Knocking some jars back with Mr. Electric.
Photography by Nipon Ravel.
I was relieved when Lee Pavey suggested The Sun and 13 Cantons for our rendezvous. With some practice, I could probably spit at it from my desk.
The choice wasn’t just for my benefit though. Since they started five years ago Electric Theatre Collective have employed three people who worked behind this bar and moulded them into valuable soldiers on the front lines of visual effects. We necked two pints of Edison British Pilsner (relevant, we thought) from the Electric Bear Brewing Co. with relish, nattering away and engaging in some colourful Soho people-watching (we think we saw Danny Boyle saunter past at one point).
“...This pub was my introduction to Soho. I got my first job just down the road at Glassworks. All my mates in the industry come here. It’s been our regular haunt for about 20 years. It didn’t used to be so cool. It was a dive back then. There’d always be someone up to something.”
“...Spurs are finally allowing me to come to work happy on a Monday.
They don’t lose every week anymore, so I can hold my head high when I walk into the office. I used to start the week a little bit tender.”
“...I always dreamt I’d work on Star Wars. In my first runner interview the company told me they were about to work on the new Star Wars film. I thought it was destiny. I didn’t get the job. I’ve worked on a Nissan commercial with stormtroopers in and a Star Wars and Adidas collaboration, but that’s the closest I’ve come.”
“...I couldn’t believe my luck when I got my first running job at Glassworks. At the time they were working with immensely talented people, on huge pop videos for the Spice Girls and George Michael. I was working at Marks & Spencer’s before and I refused to quit my job there, just in case. I used to come to the office in my black and green uniform. One day Hector told me not to turn up wearing it anymore. I eventually trusted him and let go. Amazingly, they never fired me.”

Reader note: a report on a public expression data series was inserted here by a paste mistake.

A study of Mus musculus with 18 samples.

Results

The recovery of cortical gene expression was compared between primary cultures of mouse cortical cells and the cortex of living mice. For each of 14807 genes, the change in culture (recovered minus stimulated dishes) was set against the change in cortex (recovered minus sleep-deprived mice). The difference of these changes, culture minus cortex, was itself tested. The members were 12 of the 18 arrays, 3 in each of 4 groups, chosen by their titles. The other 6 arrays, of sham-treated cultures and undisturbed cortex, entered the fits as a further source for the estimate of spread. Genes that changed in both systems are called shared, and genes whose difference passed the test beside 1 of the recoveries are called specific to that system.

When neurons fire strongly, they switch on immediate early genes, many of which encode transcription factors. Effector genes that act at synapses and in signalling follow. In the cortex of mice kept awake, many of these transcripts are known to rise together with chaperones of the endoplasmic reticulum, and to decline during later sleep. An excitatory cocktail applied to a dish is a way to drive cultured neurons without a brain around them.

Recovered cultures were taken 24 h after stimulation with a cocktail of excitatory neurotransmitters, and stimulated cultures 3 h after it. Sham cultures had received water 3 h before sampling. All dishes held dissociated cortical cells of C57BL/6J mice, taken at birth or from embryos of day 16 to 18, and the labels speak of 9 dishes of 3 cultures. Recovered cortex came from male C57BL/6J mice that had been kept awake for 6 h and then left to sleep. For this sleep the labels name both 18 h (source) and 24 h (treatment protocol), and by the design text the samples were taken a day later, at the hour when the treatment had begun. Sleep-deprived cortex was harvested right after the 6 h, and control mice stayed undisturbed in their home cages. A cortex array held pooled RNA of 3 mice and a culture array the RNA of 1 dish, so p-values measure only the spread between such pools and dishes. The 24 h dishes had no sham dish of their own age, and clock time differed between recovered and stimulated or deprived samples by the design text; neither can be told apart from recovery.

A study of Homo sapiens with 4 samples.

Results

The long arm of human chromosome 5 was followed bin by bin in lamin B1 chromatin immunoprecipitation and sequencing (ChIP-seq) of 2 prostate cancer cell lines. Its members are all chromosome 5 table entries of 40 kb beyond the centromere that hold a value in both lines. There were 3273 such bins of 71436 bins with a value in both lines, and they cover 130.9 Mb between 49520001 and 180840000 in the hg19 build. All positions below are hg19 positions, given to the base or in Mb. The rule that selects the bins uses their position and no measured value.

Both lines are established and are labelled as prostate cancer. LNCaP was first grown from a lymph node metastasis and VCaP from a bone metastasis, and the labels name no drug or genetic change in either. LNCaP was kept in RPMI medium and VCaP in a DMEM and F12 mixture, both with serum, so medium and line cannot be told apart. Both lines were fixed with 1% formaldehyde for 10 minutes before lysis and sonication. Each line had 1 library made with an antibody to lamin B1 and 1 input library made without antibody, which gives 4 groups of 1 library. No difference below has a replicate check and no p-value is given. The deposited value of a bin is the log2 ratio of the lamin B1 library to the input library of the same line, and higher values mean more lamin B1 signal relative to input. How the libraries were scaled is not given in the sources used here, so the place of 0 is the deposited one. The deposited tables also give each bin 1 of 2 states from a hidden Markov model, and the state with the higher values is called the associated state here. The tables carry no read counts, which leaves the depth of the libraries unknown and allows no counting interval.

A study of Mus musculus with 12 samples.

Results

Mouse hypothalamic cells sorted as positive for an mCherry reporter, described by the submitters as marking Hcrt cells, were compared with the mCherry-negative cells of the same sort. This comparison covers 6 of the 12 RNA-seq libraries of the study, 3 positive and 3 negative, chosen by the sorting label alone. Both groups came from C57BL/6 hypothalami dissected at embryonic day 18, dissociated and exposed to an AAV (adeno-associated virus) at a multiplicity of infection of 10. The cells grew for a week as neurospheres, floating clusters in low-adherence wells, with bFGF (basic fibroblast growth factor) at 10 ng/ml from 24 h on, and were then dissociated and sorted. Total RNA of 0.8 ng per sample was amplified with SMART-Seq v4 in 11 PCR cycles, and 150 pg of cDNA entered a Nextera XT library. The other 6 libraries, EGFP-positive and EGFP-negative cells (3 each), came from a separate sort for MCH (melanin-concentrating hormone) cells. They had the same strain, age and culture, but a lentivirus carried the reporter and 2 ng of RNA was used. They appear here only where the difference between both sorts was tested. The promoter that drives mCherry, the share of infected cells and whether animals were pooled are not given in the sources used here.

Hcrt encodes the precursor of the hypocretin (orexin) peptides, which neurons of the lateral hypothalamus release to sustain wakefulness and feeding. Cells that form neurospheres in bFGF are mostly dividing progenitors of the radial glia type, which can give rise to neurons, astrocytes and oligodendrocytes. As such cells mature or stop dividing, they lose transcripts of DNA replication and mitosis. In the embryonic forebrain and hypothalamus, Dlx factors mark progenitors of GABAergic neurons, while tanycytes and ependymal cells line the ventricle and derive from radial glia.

“...Being a runner was the most amazing job. I was getting paid to hang out with interesting people and learn loads of skills, getting the chance to learn every aspect of the business. I didn’t want to move on. I met loads of people who are still in the industry. Now they’re directors, agency producers or heads of TV.”
“...I’m anti Vanilla ads. So many are forgettable. At Electric it’s really important that real people – not the ad industry bubble – are talking about the stuff we work on. I want it to have a cultural impact.“
“...People don’t realise how much work VFX is. Nobody queries the cost of building physical things, but when someone’s making something on a computer people expect it’s free. It undervalues the skill and craft of people in visual effects.”
“...I believe in specialists. I believe in the client-agency relationship and the agency- production company part. I believe in editors, graders, sound designers. We’re all skilled craftspeople. That is really important. If we start to detach parts and those industries disappear, that’s bad for the industry. We could do everything at Electric. We could get an editor, but they wouldn’t be as good as someone at Work or Final Cut. You wouldn’t go to a suit tailor and ask him to make a pair of shoes. You go to the best craftspeople and you get what you pay for.”
“...Oasis at Knebworth was a unique moment in cultural history. I was there. It was the last gig that will ever be like that – the last coming together on that scale. It was 250,000 people over two days who all lived one type of life.”
“...Some young directors now would have been megastar directors 20 years ago. How can you make something great for five grand? Then how do you keep doing that time after time? They’re making stuff that’s baffling. At the UKMVAs there’s a category for budget music videos. And they look like they cost half a million pounds.”
“...I love my ridiculous dog. She’s a British Bulldog called Tubbs, after the character in the League of Gentlemen. She’s annoying – needy, difficult and expensive to keep – but also the most amazing thing in the whole world.”
“...People rely on VFX to make their bad ideas look better. If an ad’s a stinker, it’s a stinker. We can’t save it. We can make it better, but the idea needs to be great. It’s more important than ever to have a great idea.”
“...I keep fit by boxing on Golden Square. Every Wednesday at 10:15. It’s not worth watching, but people can come. Being fat doesn’t suit me. I
just get a belly and look like Mr Potato Head. And gym’s boring. So I started boxing with this guy Honest Frank. It gives me a calmness, just concentrating on hitting something. I can’t pick my phone up either, which is liberating.”
“...My job is the best. I get paid to run a company with my best friends. We have a good time. We make great work. And we’re proud of what we’ve done. We don’t want to own the world. But what we do, we want to do really well.”
Lee Pavey is Co-Founder and Producer at Electric Theatre Collective.